Cumberland's School Legislative Priorities
Published 3:51 pm Tuesday, January 24, 2012
CUMBERLAND – Members of the County's School Board were in agreement with Cumberland County Public Schools' Superintendent recently concerning a list of 2012 priorities that will be shared with legislative representatives at the end of this month during the General Assembly.
Superintendent Dr. Amy Griffin presented the School Board with the proposed legislative priorities during its last meeting in response to anticipated state budget cuts and rebenchmarking for approval in preparation for the Board's meeting later this month with legislative representatives and also for informational purposes.
Dr. Griffin expressed to the Board that the legislative priorities should be shared with the Cumberland community and that letters should also be written to the County's representatives.
Cumberland's position is that this legislation, which requires school boards to allocate at least 65 percent of their operating budgets to “instructional spending,” should be rejected because it could restrict a board's authority to supervise schools.
The next priority on the list is related to the extended school year and pre-Labor Day opening, advised Sanderson.
According to Sanderson, Cumberland's stated position is that the public school calendar should be left to local school boards.
Concerning a probationary period for teachers and instructional supervisory personnel, Cumberland's position, Sanderson said, is that this period should be extended from three to five years.
“Extending the probationary period from three to five years will enable school divisions to obtain a more longitudinal view of a teacher's performance on recently adopted student growth measures,” added Dr. Griffin.
In regards to the change in the non-renewal and reassignment notification, Cumberland school division supports the change from April 15 to June 15. This, according to Sanderson, would change the date by which school boards must give notice of non-renewal of probationary teachers and the reassignment of continuing contract principals, assistant principals, and supervisors.
“The new evaluation tool is going to require student growth,” explained Dr. Griffin about the evaluation and testing. “It is going to be based on growth from one year to the next and so some of the data won't come out until June and if you have an April 15th deadline but your data doesn't come in until June it's kind of hard to get that data to do that evaluation-that's what that is based on.”
The School Board also took a stance against unfunded and underfunded mandates during the meeting.
Sanderson said, “School divisions recognize that there are two types of unfunded and underfunded mandates.”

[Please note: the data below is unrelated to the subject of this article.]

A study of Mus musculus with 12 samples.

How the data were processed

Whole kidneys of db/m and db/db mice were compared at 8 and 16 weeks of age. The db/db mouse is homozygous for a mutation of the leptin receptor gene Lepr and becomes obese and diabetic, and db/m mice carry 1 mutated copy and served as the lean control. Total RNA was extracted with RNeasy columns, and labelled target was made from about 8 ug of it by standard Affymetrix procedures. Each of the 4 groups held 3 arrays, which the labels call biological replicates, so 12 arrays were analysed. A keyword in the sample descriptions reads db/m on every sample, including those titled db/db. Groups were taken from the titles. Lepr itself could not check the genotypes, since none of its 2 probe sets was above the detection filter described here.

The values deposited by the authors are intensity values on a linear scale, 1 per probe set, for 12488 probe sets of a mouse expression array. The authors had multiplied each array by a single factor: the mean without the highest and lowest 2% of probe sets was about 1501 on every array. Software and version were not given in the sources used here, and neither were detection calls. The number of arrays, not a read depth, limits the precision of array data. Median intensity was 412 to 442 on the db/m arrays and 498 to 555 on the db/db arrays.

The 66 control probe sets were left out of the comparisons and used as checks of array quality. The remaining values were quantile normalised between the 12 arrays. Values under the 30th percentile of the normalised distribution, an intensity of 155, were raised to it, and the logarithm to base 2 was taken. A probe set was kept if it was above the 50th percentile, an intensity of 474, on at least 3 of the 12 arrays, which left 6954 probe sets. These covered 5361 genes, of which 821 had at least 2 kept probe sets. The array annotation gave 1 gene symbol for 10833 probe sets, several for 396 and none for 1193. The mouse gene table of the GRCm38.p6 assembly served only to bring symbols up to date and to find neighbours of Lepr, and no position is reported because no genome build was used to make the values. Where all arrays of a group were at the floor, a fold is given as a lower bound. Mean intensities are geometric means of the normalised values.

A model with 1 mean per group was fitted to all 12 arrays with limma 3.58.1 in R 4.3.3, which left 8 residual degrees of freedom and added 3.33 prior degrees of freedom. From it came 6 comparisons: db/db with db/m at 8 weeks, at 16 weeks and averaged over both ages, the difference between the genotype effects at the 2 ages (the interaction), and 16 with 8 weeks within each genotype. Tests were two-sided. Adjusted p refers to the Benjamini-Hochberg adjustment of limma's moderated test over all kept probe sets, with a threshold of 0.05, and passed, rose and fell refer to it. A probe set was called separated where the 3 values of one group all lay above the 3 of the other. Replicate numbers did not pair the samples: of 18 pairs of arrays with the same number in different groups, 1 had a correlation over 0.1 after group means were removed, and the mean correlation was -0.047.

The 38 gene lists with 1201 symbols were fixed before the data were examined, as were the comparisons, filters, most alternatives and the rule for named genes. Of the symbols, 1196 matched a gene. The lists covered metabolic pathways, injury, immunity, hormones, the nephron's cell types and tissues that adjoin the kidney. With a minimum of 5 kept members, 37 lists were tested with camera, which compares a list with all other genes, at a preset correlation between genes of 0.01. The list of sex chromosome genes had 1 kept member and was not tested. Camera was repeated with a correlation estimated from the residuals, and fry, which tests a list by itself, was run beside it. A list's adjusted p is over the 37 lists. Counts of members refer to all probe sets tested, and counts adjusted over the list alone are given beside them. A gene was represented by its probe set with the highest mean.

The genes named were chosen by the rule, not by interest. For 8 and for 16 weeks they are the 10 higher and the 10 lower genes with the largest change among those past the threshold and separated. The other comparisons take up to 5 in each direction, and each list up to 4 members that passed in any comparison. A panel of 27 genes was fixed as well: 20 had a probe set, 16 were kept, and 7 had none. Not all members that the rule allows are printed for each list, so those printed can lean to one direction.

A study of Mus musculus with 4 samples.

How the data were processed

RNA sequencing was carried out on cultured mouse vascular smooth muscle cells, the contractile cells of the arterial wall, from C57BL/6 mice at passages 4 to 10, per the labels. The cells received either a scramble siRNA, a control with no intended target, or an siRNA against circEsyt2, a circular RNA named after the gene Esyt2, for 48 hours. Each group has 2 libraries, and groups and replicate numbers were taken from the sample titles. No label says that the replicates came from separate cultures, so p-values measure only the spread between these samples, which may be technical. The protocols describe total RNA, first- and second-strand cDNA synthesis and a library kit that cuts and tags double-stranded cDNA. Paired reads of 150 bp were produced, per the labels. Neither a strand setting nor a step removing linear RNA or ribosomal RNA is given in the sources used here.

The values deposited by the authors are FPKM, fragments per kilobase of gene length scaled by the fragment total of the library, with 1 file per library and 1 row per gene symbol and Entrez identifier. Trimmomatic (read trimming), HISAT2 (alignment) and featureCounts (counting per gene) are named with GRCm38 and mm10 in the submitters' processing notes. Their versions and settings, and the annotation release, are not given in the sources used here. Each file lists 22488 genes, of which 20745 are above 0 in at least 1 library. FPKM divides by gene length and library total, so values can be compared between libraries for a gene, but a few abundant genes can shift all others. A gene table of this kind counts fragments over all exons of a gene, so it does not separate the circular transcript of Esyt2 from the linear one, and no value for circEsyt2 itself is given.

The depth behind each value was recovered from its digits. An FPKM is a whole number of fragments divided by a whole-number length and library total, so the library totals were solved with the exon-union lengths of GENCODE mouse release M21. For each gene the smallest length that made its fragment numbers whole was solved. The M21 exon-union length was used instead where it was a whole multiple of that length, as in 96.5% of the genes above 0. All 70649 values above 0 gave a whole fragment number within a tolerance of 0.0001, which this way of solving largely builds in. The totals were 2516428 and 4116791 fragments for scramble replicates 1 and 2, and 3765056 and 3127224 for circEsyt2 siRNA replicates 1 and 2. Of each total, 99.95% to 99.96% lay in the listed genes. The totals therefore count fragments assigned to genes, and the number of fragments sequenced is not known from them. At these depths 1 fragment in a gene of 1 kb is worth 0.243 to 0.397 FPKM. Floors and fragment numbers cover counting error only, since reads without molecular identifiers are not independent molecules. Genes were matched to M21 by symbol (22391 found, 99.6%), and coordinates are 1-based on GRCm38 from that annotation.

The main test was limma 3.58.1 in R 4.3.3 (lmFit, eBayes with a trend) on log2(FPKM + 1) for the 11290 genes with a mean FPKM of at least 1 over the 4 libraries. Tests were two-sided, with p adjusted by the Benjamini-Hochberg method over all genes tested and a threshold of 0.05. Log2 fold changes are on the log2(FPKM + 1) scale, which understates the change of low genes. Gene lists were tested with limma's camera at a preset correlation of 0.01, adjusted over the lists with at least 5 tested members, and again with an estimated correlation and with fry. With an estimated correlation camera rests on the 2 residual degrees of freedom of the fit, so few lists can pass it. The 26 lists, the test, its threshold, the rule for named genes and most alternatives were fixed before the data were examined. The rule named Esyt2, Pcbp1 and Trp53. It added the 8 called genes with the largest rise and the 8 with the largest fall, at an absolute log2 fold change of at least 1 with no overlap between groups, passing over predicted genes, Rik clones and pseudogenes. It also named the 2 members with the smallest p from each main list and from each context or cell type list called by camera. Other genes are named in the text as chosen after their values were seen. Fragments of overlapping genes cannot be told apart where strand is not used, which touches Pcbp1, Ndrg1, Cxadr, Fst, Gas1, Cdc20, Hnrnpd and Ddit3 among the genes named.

She later noted that there are mandates “which do not work and serve no educational purpose.” And then there are mandates “which may work and serve an educational purpose but should be funded by the state.”
Cumberland's stance as a legislative priority is that “both types of mandates require the school board to eliminate programs, forgo raises, and eliminate positions,” she added.
The Board's position, according to Sanderson, is that “no new mandates should be enacted without adequate state funding.”
“I know that is something that we've all spoken on at some time or another,” she explained.
“I think with the budget coming out and looking at the proposed budget we need to have something in our legislative priorities about re-benchmarking the state's budget,” offered Dr. Griffin to the Cumberland Board.
The Board then agreed with information that was presented by the Superintendent and voted to add it to the list of legislative priorities.
That new budget priority information concerning the proposed state budget includes items such as:
“The Cumberland School Board supports restoring state money for BASIC Aid and categorical funding. The Cumberland School Board supports the Virginia Attorney General's opinion that rebenchmarking should reflect the actual cost of providing K12 public education. The Cumberland School Board opposes any changes in Standards of Quality Funding Formula, which would reduce any funds to local school divisions. The Cumberland School Board opposes the inclusion of ARRA funds in the federal deduct calculations.”
According to information sent out by Dr. Griffin last week, the School Board also supports “fully funding VRS without reducing SOQ funding through a multi-year plan.”